Style is an immeasurable variable, one of those “you know it when you see it” sort of things, made up of body position, arm movement, parts of the wave utilized, fluidity, and the amount of energy put into movement. The combination of all those factors make up style, making it nearly impossible to measure in a tangible way. But it can be surmised that style is something that comes naturally and is learned from imitation: We watch people and consciously or subconsciously incorporate all of their styles into the way we ride waves.
Perhaps this is why those from countries with newly developed surf cultures lack the kind of style that we see in places with lots of top-notch talent—the difference between, say, the surfers of Guatemala or India and the surfers Australia or the U.S. Without the opportunity to consistently surf with stylish, elite talent (or even watch them in movies), it’s difficult, if not impossible, to develop into a truly stylish surfer. Sure, there are other factors involved—including rudimentary equipment and poor wave quality—and there are exceptions, but by and large, style is something that is largely determined by who we are exposed to. And if this is true, then certainly the spawn of pro or elite-level surfers have an advantage.
“People tell me I surf like my dad,” says Coco Ho, “but I don’t try. I don’t sit and watch him in a movie and go, ‘Okay, I’m going to put my right arm there.’ I don’t do that ever. But I feel like you can inherit it. You look at Kolohe and you look at little Noah Beschen and you look at me and Mason, and you see it. Mason gets barreled like dad and people tell me that I have a cutback like dad.”
The advantages for professionals’ children may go beyond learned style though. From a very young age the children of pros are not only surfing with their parent, but also with their parent’s friends, often also top-notch surfers.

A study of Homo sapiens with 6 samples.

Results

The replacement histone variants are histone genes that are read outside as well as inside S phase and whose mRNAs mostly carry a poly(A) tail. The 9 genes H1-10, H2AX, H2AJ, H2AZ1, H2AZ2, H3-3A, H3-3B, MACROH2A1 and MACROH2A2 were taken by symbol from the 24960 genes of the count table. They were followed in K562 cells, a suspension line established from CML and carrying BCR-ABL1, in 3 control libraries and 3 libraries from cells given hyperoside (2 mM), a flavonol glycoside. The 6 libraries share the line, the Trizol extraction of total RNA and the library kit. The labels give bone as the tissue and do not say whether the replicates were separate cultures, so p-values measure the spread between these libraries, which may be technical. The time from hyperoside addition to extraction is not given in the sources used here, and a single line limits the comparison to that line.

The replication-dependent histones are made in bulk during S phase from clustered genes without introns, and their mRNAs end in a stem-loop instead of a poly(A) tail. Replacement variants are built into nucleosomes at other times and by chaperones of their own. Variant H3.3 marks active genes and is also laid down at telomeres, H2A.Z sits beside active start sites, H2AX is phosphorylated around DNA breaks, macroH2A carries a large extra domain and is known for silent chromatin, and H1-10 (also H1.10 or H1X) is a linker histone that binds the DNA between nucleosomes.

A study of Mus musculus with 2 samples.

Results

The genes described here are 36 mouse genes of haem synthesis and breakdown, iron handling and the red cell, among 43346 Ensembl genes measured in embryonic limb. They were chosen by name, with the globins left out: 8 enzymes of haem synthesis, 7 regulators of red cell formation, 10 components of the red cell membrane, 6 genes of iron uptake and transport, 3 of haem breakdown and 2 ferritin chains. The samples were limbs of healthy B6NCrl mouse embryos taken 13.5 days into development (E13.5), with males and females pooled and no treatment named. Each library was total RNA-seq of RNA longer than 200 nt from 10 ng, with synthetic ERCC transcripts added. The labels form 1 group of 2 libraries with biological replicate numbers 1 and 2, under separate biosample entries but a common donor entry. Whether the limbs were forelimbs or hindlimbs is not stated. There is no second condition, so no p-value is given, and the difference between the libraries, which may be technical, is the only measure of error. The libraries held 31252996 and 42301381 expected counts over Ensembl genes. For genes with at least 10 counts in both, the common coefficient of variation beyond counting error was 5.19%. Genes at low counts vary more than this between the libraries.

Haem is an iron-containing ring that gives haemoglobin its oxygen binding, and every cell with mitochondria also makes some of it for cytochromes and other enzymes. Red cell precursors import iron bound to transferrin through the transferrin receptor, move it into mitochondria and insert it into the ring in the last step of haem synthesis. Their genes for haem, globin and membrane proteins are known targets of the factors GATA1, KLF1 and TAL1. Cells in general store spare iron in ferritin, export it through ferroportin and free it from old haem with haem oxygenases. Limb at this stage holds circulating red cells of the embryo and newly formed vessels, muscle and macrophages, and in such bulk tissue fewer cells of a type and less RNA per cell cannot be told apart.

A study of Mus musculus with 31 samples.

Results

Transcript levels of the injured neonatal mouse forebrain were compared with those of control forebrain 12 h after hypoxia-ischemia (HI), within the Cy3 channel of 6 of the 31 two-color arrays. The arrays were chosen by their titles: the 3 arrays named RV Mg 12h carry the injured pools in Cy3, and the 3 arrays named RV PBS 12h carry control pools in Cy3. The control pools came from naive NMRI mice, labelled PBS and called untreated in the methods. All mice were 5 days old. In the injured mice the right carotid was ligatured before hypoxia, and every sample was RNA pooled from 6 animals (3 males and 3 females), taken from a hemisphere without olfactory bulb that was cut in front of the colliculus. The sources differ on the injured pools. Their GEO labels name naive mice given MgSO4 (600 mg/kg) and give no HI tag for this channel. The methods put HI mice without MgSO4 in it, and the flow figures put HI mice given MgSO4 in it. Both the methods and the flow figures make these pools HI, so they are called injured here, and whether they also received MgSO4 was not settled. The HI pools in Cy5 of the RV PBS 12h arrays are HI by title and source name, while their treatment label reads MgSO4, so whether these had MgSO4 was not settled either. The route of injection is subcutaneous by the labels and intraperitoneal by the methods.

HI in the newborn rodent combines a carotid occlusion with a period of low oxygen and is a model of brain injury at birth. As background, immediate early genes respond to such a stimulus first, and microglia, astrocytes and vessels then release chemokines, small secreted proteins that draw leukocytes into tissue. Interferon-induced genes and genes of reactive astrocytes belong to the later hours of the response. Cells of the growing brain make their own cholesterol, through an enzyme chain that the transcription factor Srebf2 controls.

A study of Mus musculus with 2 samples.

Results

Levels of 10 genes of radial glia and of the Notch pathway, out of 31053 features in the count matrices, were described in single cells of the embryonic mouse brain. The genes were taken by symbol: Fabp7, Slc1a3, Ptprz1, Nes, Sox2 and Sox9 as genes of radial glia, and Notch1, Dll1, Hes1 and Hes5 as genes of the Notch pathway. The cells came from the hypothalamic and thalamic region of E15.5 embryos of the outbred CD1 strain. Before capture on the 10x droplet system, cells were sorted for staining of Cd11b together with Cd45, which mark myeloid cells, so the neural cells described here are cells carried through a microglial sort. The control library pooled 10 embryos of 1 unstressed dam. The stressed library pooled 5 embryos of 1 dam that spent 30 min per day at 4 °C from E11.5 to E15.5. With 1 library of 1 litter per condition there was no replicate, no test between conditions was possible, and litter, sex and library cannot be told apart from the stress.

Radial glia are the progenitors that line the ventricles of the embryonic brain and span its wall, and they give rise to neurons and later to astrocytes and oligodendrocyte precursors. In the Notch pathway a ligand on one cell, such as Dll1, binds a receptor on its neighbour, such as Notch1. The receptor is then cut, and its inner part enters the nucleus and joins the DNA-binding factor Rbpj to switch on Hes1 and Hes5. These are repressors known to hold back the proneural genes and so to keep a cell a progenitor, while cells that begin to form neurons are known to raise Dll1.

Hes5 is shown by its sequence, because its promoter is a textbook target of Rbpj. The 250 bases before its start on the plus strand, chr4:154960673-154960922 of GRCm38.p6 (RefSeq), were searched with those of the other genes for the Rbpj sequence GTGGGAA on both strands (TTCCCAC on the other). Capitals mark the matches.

“The main advantage my kids had is probably just going to the beach so much and surfing with me and all their uncles a lot,” says Mike Ho. “Kids that surf around good surfers just get better. I’ve seen that a lot: when guys hang out with other guys that are good, next thing you know they’re stepping on their toes. Surf with good surfers and you get better.”
“The other big advantage is having the right equipment,” Ho continued. “I tend to be a freak about equipment and I’ve always gotten them the best stuff I could get them.” There are other consequential advantages inherent to being the son or daughter of an established pro. Aside from a lifestyle hemmed in surf travel, daily sessions, and consistent critique, the children of pros are granted a membership card to an elite club. The surf industry is a tight-knit, incestuous community, meaning the connections a former pro bestows on his kids often mean early sponsorships (“We were probably sponsored since before we could even surf,” says Mason Ho) and sometimes even an upper hand in competition (albeit most times unintentional, judges notice a famous last name).
“I go to other countries and people already know me because they knew our dad,” says Coco Ho. “I’d go to France and people would treat me like they knew me and be like ‘I’m your dad’s great friend from back in the day.’ Going to all these countries and meeting all these people and feeling like I’ve already been there and I’m already comfortable there because all my dad’s friends are there—that was definitely a good advantage.”
This naturally leads to more opportunities, but it also bestows upon these kids a sense of self-confidence, and that often turns into a self-fulfilling prophecy. They are praised for their prepubescent greatness and enter the water with an inflated sense of self, which often manifests into actual greatness.
Nepotism, deliberate or otherwise, may be just as great an ally for the aspiring pro as is their stellar genetic inheritance. Here we can draw a parallel to surfing’s southern-bred brethren, NASCAR, where it’s fairly common for children of superstars to follow in their fathers’ footsteps (i.e.Jimmie and Jarit Johnson; Ralph Earnhardt, Dale Earnhardt Sr., and Dale Earnhardt Jr., etc.). But unlike surfing, NASCAR is less a sport of physical aptitude and more a sport of honed ability, fearlessness, and mental skill. The capacity to do well then, is almost certainly not a genetic predisposition, but rather a clear result of early entry into the sport, a lifetime of nurturing, and a connection to the inside. The same could be said for surfing.
“My parents taught us how to surf when we were probably 3 or 4,” says LeeAnn Curren. “Surfing was in my life since I was born. First my dad put me on the front of his board, and after that I would surf with my brother in the shorebreak. Then because you have a name that is already kind of famous, you get more attention, even when you just start surfing—people hear about you and want to see how you’re doing.”